Today’s exchange rate for 2,000 South African rand is about 258 US dollars. This is what Mtuseni’s mother earns each month, cleaning airplanes between flights. We’ve all seen the chaotic mess left behind as a couple hundred passengers race to “de-plane.” I wouldn’t wish that job on anyone.
Yet Nester works, day and night shifts, and gets $258 to support herself and three kids for a month. I’ve spent that much with a friend during an extended afternoon of cocktails and bar bites. I cannot fathom trying to live on this amount of money each month, never mind raising a family on it.
It is true that Nester is illiterate — likely a function of rural upbringing and apartheid policies — so her employment options are limited. But, amazingly, her income is above the minimum wage for South African non-farm workers employed more than 27 hours per week. The upper range for monthly minimum wage is R1,167.. or $150.
South Africa’s minimum hourly wage measured in 2009 US dollars is $2 per hour. When I got my first job in 1977, my hourly wage was $1.85, but it jumped within a few months to $2.10. That was 35 years ago. Jimmy Carter was president. Laverne and Shirley was the top TV show.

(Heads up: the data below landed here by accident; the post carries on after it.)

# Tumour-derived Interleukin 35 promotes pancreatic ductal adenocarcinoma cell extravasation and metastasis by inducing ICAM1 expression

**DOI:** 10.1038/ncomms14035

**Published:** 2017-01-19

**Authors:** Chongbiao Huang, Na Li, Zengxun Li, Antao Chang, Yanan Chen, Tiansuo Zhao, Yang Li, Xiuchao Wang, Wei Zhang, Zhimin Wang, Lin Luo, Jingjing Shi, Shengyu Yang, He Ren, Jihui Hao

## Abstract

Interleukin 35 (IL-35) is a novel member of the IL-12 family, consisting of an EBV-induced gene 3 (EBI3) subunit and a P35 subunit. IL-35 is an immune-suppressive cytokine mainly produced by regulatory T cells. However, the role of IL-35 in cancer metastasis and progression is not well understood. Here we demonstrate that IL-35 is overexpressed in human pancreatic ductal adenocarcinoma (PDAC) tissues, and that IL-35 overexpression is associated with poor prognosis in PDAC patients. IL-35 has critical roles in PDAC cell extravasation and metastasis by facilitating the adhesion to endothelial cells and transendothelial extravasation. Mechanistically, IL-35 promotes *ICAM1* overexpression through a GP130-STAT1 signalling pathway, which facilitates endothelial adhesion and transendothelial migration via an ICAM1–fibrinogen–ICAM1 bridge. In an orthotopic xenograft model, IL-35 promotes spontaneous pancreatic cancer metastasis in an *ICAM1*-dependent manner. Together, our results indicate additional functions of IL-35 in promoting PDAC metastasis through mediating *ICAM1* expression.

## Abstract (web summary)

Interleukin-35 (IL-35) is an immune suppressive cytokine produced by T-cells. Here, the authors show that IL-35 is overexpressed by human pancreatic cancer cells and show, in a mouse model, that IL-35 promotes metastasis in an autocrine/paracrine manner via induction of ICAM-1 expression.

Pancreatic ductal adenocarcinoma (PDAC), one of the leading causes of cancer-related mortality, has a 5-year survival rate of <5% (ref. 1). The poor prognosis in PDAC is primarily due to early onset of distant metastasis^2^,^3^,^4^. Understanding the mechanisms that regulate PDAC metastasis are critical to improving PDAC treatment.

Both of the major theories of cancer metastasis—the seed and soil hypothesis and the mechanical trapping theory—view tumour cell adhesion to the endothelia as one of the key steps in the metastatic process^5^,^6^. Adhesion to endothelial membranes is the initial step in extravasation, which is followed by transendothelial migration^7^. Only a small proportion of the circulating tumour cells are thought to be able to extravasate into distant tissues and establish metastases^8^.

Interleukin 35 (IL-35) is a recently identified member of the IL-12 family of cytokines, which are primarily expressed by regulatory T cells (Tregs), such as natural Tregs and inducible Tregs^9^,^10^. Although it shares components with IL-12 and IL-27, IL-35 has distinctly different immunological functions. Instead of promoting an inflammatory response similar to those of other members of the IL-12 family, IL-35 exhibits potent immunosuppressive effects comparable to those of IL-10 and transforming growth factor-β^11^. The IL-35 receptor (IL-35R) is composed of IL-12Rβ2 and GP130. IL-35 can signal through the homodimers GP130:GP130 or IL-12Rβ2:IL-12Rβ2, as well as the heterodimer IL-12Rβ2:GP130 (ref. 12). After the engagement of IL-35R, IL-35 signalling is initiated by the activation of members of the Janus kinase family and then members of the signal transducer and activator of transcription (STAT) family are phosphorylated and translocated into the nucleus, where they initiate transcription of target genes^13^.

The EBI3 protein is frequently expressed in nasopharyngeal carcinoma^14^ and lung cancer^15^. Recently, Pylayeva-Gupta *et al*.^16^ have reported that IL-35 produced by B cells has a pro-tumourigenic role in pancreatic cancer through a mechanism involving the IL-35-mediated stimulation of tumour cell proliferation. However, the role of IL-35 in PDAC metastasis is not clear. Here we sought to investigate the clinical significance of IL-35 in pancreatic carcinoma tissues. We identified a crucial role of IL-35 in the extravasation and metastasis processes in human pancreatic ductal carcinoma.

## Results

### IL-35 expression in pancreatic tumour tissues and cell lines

I’ve been to South Africa. Prices seem on par with those in the US, so the rand-dollar conversion factor doesn’t mask some benefit of really low prices in rands. I seemed to hand over a R100 note every half hour during my visit; I had R2,000 in my wallet on a few occasions.
It took more than a year before Mtuseni talked money with me, and it came up only as college registration approached. He rarely talks about financial challenges, and when he does I know it’s because the situation is really affecting him. He’s never asked me for money. When I first heard his mom’s income and did the conversion to dollars, a lot of things finally became clear to me. Like why Mtuseni doesn’t eat breakfast, so the kids can have bread in the morning. Why he hasn’t been to a dentist since he was five. Why my seemingly simple requests for him to buy some highlighters or a healthy lunch at school were like asking him to buy a Rolex. And why my initial offer of paying college tuition quickly expanded to a monthly expense allowance.
Because 2000 rand a month isn’t about living; it’s about survival.